Sunday, September 23, 2012

The dangers of diplomacy

On September 11th, 2012, exactly eleven years to the date of the events that forever changed the dynamics of the world, not to mention altered the security of the United States and its long history as an “untouchable” country, the United States of America suffered another blow with implications that affected its national security.

With his death, J. Christopher Stevens became only the eighth US Ambassador to die while serving, and the first since 1988. His death came after what appeared to be a series of well executed attacks on the US consular office in Benghazi. At first, the attacks were declared to be a spontaneous response that created deadly results after the translation into Arabic of the trailer of the homemade film, “Innocence of Muslims.”

Reports on whether the attacks were pre-meditated have been conflicting, but regadless of the truth, several issues lie at stake here. First, is the failure of the local government and their inability to prevent the attack from growing to the magnitude it did. It will never come to fruition whether or not the attack could have been shut down in its planning stages, if it was indeed pre-planned. But it appears that Libyan forces were unable to gain control of the situation until after casualties had taken place. Further support from the American side was sent in from Tripoli, but even the back-up suffered hits, after the deaths of two security officers.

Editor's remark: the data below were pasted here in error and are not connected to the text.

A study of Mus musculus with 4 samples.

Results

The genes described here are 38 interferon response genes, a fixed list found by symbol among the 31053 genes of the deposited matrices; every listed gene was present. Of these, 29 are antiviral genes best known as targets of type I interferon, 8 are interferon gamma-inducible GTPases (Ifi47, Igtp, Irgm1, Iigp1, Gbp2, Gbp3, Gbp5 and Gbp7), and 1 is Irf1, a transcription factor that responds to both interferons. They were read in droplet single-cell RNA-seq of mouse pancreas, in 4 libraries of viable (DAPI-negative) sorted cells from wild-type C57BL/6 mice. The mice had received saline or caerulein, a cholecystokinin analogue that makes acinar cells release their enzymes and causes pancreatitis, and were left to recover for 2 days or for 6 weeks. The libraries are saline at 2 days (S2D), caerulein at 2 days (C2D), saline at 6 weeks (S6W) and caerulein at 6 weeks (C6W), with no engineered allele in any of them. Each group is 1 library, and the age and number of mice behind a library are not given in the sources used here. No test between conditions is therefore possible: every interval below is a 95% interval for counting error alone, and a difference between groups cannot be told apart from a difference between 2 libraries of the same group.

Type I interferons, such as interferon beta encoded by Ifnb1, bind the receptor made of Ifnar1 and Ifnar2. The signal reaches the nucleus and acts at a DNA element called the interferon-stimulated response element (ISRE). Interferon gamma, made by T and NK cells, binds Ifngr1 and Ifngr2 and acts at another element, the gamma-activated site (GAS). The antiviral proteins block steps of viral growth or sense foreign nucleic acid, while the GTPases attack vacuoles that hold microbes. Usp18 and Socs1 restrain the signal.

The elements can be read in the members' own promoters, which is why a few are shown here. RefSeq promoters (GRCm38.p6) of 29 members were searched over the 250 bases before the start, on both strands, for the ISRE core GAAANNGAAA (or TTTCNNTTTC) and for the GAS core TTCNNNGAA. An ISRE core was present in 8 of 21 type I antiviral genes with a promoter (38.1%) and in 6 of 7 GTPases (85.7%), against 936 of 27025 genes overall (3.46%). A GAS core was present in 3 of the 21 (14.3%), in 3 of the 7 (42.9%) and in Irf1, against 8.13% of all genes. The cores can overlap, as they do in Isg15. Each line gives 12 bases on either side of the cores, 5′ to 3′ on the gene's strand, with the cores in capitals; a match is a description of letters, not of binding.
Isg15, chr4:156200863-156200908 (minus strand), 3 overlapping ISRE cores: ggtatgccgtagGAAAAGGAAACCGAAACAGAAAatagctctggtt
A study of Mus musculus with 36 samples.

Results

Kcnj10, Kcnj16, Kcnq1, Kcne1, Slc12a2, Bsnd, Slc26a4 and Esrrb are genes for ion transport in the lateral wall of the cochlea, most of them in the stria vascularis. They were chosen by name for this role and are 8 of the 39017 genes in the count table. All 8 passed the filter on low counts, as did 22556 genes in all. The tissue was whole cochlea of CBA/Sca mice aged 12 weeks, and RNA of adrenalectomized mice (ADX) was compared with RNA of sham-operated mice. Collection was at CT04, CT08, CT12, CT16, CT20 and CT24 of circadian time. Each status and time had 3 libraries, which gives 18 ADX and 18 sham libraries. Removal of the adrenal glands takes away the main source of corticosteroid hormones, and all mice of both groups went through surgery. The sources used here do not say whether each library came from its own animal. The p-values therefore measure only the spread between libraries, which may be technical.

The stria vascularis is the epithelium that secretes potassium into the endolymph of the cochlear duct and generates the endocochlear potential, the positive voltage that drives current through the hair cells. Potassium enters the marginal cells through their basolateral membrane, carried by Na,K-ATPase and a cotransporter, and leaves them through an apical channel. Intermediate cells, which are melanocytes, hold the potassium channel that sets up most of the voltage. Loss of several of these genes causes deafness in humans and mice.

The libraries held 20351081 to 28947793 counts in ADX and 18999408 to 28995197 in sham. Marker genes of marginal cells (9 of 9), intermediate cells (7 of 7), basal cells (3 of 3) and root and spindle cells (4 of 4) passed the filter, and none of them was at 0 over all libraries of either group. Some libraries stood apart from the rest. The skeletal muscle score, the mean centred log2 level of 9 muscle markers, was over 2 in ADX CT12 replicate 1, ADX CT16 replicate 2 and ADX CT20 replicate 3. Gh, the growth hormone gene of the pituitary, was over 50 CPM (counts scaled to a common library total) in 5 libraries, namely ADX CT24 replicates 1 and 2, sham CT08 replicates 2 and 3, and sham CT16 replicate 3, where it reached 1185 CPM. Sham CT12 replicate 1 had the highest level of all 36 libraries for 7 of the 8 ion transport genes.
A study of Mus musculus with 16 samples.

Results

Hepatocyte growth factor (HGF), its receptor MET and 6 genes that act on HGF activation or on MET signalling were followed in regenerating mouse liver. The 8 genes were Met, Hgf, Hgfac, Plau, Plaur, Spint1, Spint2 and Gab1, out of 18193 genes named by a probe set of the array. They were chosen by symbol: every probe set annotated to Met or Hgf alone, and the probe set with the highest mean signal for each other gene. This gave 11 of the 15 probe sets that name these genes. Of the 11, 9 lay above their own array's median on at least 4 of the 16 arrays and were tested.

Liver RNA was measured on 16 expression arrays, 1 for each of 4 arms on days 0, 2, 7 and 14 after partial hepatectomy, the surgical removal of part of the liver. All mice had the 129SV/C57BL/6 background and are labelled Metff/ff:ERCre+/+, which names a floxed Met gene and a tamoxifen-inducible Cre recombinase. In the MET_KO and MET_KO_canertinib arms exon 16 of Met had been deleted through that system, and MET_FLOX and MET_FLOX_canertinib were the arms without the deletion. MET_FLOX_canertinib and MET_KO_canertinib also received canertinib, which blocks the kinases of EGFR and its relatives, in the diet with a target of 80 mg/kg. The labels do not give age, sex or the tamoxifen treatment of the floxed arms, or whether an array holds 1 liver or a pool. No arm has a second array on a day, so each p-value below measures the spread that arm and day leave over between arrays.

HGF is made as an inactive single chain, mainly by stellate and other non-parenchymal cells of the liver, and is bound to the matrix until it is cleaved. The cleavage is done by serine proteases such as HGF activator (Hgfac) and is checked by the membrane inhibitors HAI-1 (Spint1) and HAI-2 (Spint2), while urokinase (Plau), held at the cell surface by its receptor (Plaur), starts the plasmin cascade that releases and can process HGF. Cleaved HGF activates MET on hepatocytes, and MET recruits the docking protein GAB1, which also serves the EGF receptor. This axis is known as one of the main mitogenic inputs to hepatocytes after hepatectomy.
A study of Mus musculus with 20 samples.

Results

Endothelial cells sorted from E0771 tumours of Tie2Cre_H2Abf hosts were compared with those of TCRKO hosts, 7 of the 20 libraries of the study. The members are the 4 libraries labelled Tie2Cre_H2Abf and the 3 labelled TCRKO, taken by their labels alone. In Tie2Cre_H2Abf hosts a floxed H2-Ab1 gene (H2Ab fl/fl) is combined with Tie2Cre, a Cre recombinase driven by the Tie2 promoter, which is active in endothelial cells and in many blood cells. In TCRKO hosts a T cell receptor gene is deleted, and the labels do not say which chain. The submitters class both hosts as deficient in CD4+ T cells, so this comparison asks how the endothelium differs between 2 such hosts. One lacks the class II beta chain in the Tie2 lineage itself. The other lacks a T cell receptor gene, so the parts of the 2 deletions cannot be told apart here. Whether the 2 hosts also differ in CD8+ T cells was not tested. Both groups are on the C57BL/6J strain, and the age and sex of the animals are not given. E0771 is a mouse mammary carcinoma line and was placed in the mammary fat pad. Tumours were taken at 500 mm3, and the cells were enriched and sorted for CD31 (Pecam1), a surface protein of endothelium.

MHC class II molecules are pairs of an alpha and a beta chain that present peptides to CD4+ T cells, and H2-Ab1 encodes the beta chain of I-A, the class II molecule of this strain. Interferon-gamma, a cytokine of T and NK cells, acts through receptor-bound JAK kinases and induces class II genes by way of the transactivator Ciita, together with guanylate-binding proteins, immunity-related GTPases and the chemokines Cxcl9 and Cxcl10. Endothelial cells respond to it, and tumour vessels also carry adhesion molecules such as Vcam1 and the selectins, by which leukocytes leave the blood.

This has once again brought light to the dangers that diplomats face overseas and how they are sent into the most dangerous situations. In his book, "Diplomacy and the American Democracy," David Newsom writes about how terrorism has changed the face of American diplomacy and has increased the need for more security detail for the diplomats. But he also writes that even though diplomats realize the perils their job could come into contact with, they also know that they cannot do their job from inside a fortress or riding around in an armored car day in and day out.

The other issue that can be brought of out this situation is a heightened awareness to the role played by extremists. If these attacks were in response to the YouTube video, the cause and the effect of these events were by extremists. The man who uploaded the trailer, although American, was not a representative of the average American, nor the government. And the perpetrators of the attack, were extremist Muslims, who again, were not representative of their religion nor the Libyan government.

Questions to ponder:
1. Will American diplomacy continue to be in harm's way and what, if any measures can be done to curb it?
2. What is the role of extremists and how do you forsee them continuing to play a crucial role in foreign relations?